Learning Specialist Salary
Learning Specialists in the United States can expect wages of $56K per year on average. Residence and career duration each impact pay for this group, with the former having the largest influence. A large number report receiving medical coverage from their employers and a fair number collect dental insurance. Women account for the majority of Learning Specialists who took the survey — 82 percent to be exact. Work is enjoyable for Learning Specialists, who typically claim high levels of job satisfaction.
|Salary||$37,284 - $83,808|
|Bonus||$0.00 - $9,274|
|Total Pay (|
XTotal Pay combines base annual salary or hourly wage, bonuses, profit sharing, tips, commissions, overtime pay and other forms of cash earnings, as applicable for this job. It does not include equity (stock) compensation, cash value of retirement benefits, or the value of other non-cash benefits (e.g. healthcare).)
|$37,063 - $90,754|
|Hourly Rate||$12.79 - $64.56|
|Bonus||$0.00 - $9,274|
|Total Pay (||$37,063 - $90,754|
Job Description for Learning Specialist
Learning specialist positions are available in a wide variety of organizations, from universities to financial institutions to large corporations. Generally, these jobs are found in organizations with a large customer and employee base, requiring an individual in charge of training and information distribution. The learning specialist's daily tasks typically revolve around training employees and/or customers. In the case of employees, it is common for learning specialists to develop training programs and seminars that allow new hires to quickly catch up with the needs of the job and work efficiently from their first day; they also provide ongoing education to existing employees, with specific tools and techniques varying by organization and industry. Positions that require work directly with customers generally include delivering product and/or service information, which can involving anything from discussing medical options with patients and families to explaining financial opportunities to banking customers.Read More...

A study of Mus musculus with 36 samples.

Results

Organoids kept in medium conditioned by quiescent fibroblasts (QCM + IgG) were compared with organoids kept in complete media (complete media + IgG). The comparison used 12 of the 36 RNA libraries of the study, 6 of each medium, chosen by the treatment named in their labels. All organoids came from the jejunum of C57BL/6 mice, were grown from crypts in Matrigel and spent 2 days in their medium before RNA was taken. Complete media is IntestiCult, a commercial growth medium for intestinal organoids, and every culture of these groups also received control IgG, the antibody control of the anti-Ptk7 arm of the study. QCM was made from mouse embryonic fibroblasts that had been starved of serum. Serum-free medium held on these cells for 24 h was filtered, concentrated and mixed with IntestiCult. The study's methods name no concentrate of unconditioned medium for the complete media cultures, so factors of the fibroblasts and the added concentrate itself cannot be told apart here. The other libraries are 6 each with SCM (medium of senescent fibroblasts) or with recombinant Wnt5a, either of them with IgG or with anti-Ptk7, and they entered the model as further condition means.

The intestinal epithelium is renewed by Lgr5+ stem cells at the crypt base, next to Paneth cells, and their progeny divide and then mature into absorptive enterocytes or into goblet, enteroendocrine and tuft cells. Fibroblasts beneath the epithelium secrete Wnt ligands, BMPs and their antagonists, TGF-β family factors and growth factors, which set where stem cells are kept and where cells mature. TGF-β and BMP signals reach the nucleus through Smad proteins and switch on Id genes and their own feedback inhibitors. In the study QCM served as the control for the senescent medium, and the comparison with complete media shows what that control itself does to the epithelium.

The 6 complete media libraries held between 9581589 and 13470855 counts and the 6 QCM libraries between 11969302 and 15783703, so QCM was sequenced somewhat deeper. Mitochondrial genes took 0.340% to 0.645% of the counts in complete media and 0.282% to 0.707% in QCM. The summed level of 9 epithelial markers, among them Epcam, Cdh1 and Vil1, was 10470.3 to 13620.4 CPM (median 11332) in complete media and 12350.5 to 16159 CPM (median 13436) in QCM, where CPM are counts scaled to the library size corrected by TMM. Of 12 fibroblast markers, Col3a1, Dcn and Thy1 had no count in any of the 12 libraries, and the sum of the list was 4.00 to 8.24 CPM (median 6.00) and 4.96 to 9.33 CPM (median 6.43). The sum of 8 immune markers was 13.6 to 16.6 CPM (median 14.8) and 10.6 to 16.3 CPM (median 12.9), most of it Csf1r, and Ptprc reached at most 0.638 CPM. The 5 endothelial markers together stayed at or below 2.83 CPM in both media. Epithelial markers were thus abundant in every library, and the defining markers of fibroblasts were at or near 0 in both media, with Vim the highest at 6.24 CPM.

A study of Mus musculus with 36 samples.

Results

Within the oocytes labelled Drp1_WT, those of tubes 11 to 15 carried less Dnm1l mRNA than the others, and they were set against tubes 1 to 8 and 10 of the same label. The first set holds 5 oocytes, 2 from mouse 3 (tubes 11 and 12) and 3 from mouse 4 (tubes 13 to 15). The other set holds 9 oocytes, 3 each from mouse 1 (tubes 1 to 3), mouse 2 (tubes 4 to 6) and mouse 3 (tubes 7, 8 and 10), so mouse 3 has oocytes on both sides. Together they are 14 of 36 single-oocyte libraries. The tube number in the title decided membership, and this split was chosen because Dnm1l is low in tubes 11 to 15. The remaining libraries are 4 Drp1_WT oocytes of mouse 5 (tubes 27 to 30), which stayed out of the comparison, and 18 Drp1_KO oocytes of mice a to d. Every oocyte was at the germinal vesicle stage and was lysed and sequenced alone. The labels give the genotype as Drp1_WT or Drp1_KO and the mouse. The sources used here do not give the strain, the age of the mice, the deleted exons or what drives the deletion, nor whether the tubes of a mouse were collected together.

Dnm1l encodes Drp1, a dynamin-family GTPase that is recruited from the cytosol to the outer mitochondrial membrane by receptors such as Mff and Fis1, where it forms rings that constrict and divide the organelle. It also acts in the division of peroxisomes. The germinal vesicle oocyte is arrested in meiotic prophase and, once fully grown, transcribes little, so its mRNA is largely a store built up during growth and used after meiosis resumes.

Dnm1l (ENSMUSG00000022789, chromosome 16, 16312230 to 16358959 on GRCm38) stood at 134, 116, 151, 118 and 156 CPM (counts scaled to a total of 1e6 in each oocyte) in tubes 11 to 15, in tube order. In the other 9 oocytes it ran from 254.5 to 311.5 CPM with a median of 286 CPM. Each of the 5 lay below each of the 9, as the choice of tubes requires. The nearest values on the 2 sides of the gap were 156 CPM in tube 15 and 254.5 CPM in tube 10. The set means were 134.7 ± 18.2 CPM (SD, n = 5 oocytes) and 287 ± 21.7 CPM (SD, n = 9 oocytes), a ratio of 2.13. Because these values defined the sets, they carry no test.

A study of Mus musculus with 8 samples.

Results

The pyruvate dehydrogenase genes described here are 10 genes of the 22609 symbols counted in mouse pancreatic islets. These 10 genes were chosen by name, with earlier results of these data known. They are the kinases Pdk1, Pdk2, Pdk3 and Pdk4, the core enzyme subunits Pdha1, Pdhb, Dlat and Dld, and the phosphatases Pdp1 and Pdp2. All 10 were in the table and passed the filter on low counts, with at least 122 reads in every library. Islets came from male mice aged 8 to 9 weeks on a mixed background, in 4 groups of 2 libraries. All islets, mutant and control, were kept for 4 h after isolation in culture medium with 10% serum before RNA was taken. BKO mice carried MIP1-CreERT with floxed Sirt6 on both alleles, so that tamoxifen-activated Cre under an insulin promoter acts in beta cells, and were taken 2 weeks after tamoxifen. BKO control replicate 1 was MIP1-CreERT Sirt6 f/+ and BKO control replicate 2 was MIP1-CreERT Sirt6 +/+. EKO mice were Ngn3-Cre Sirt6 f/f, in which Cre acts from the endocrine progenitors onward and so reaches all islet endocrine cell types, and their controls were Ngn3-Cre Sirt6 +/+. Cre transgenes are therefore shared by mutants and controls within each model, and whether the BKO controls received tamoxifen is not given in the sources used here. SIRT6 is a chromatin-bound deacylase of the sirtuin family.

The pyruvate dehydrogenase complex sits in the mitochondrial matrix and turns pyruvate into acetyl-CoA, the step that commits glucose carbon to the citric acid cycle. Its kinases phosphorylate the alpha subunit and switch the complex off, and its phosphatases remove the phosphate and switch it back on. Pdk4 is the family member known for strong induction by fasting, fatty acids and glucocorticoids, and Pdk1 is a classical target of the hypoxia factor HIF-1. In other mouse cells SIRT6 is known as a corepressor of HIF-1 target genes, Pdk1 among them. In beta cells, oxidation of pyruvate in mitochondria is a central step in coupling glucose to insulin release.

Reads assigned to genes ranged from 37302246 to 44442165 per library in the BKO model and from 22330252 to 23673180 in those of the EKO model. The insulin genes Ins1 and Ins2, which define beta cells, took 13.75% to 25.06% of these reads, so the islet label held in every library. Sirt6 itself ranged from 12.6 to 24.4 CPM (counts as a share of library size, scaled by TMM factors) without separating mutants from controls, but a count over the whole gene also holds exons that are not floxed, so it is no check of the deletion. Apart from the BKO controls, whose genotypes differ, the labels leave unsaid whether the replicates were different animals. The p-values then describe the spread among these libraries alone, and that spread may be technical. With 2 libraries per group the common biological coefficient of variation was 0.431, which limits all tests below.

The exact requirements for the position may vary widely. Some learning specialist positions require a master’s degree in a relevant field, while others require only a few years of experience. Typically, higher-level positions require a relevant college degree and a minimum of five years of experience, but positions geared toward entry-level candidates are sometimes available.
Learning specialists typically work on their own with minimal direct supervision; however, they must work closely with fellow employees on a regular basis. Physical demands and hazards are minimal in this role, which generally takes place in an indoor setting such as an office. Work hours depend on the employer's needs, but learning specialists often work during regular business hours.
Learning Specialist Tasks
- Develop new online courses and convert existing courses into e-learning options from syllabus to final evaluation.
- Recommend and research software, content creation, and interactive media.
- Create and maintain databases to track participants, feedback, and technical issues.
- Coordinate and maintain e-learning offerings, marketing, and technical infrastructure.
Pay by Experience Level for Learning Specialist
Median of all compensation (including tips, bonus, and overtime) by years of experience.
Learning Specialists with a lot of experience tend to enjoy higher earnings. Relatively untried employees who have less than five years' experience make $49K, but folks with five to 10 years under their belts enjoy an appreciably larger median of $58K. Learning Specialists bring in $67K after working for 10 to 20 years. Average wages for folks with more than 20 years of experience come out to around $78K.